Weekly TWIST Podcast Overview
This Week's Developments
Welcome to TWIST for the week of March 22, featuring Sarah McGahan from the Washington National Tax State and Local Tax practice.
The Arkansas Supreme Court recently held that rent-to-own transactions of furniture and electronics were subject to Arkansas’s special short-term rental excise tax. Under Arkansas law, the short-term rental tax is imposed on a rental or lease of tangible personal property for a period of less than thirty days. Although there was evidence that customers almost always renewed their initial lease terms beyond a 30-day period, the court, strictly construing the short-term rental statute, held that the tax applied. In its view, the rental transactions that had an initial weekly or semimonthly term were subject to the short-term rental tax as these transactions fell within the plain and ordinary meaning of “a period of less than thirty days.”
In other news, state taxes on digital advertising have received a lot of attention this year. Maryland Senate Bill 787, which has passed the Senate and been set for Hearing in the House on March 25, 2021, would extend the effective date of the state’s digital advertising tax to tax years beginning after December 31, 2021. The tax originally became effective for tax years beginning after December 31, 2020. Senate Bill 787 would also narrow the definition of digital advertising services and prohibit taxpayers from passing the tax directly on to customers. New digital advertising tax proposals recently introduced in Texas and West Virginia are very similar to Maryland’s tax.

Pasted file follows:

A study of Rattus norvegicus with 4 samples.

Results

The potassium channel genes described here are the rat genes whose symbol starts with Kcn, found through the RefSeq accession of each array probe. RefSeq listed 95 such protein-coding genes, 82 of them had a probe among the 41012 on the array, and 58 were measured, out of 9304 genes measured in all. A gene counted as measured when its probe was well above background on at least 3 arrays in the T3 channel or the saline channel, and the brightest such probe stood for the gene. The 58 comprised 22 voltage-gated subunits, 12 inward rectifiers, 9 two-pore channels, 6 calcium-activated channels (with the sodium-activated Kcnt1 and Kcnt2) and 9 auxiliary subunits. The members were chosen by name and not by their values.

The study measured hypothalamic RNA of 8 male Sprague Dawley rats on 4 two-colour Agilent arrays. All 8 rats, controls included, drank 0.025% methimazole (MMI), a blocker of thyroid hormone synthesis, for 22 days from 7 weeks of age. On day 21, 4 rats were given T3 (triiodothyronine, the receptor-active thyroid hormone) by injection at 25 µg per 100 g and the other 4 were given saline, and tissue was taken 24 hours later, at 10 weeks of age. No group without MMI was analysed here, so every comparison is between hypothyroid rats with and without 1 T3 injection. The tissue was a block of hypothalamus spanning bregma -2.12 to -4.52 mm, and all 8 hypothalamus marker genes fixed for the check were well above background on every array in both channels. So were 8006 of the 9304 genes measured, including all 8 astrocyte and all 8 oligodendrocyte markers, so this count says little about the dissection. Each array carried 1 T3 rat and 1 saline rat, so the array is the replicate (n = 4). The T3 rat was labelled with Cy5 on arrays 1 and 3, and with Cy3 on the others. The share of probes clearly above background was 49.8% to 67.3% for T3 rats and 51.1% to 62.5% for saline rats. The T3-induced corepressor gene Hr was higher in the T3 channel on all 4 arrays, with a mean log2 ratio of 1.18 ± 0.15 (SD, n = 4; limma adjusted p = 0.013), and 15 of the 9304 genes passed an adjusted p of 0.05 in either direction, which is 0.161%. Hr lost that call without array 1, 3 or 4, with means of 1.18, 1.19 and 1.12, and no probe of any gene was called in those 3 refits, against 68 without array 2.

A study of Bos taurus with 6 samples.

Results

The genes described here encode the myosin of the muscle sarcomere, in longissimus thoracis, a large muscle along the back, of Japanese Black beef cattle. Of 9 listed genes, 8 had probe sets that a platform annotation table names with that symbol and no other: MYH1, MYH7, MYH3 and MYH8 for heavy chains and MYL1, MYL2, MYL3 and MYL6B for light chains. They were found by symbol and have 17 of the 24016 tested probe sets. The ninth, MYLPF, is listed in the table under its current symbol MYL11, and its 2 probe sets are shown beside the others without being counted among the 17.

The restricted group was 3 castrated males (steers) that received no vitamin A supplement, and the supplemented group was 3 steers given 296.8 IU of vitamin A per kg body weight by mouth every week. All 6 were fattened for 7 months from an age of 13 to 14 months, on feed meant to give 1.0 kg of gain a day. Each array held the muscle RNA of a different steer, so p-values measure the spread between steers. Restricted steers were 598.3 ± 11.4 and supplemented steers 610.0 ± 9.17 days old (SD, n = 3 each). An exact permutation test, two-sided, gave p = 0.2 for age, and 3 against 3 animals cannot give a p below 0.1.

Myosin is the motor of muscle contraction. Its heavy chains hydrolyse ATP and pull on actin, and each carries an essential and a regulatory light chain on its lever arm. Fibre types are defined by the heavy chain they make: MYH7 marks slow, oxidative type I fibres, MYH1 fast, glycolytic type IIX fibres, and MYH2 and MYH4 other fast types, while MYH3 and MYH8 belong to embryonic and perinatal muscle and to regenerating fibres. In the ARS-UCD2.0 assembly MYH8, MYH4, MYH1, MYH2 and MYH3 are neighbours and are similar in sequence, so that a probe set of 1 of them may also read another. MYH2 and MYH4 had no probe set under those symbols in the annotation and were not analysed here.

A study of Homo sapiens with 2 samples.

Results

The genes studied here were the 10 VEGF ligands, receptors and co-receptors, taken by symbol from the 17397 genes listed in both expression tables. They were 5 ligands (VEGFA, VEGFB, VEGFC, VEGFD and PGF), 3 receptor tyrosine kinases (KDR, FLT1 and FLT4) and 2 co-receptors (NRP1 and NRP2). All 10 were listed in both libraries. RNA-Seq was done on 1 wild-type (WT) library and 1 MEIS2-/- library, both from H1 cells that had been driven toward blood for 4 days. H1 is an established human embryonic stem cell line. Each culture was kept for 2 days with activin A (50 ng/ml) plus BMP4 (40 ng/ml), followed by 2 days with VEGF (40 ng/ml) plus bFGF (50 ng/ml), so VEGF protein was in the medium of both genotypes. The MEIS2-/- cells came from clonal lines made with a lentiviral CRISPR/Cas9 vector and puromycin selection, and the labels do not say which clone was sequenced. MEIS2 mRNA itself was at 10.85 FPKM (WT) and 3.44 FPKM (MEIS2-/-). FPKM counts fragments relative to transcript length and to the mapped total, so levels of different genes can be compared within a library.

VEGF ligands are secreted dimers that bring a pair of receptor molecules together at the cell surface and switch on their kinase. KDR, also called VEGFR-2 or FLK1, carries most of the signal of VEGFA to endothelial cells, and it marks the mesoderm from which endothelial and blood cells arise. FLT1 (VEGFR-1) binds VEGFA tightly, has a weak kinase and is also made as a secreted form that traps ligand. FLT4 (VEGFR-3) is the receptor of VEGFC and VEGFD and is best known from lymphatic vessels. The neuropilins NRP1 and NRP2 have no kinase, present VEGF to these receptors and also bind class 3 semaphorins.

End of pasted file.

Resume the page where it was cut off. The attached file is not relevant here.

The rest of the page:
In New York, the Assembly and Senate recently issued their revised budget proposals for the upcoming fiscal year. Both proposals currently include major corporate and personal tax increases that exceed those proposed earlier this year by Governor Cuomo. The budget is generally required to be in place by April 1, so over the next several days lawmakers will be negotiating the final budget package.
Recently, significant tax legislation was signed into law in Virginia. Senate Bill 1146 and House Bill 1935 update the Commonwealth’s conformity to the Internal Revenue Code as it existed on December 31, 2020. Importantly for corporate taxpayers, the bills decouple Virginia from the CARES Act changes that (1) suspend the 80 percent limit on NOLs and allowing NOL carrybacks; and (2) temporarily enhance the amount of business interest that can be deducted under IRC section 163(j). For corporate and individual taxpayers, for tax years beginning on and after January 1, 2020, but before January 1, 2021, the bills require an addback of expenses paid with forgiven PPP loan amounts to the extent they exceed $100,000. House Bill 2185 and Senate Bill 1403 create a temporary sales and use tax exemption for personal protective equipment. The exemption is available to businesses who purchase PPE to enable compliance with COVID-19 safety protocols.
Finally, the Oregon Department of Revenue announced last year that the presence of employees teleworking in Oregon due to COVID-19 would not be a relevant factor when determining whether the employer has Oregon nexus for corporate income tax purposes. This policy has been extended to the later of the date certain executive orders or emergency declarations expire or December 31, 2021.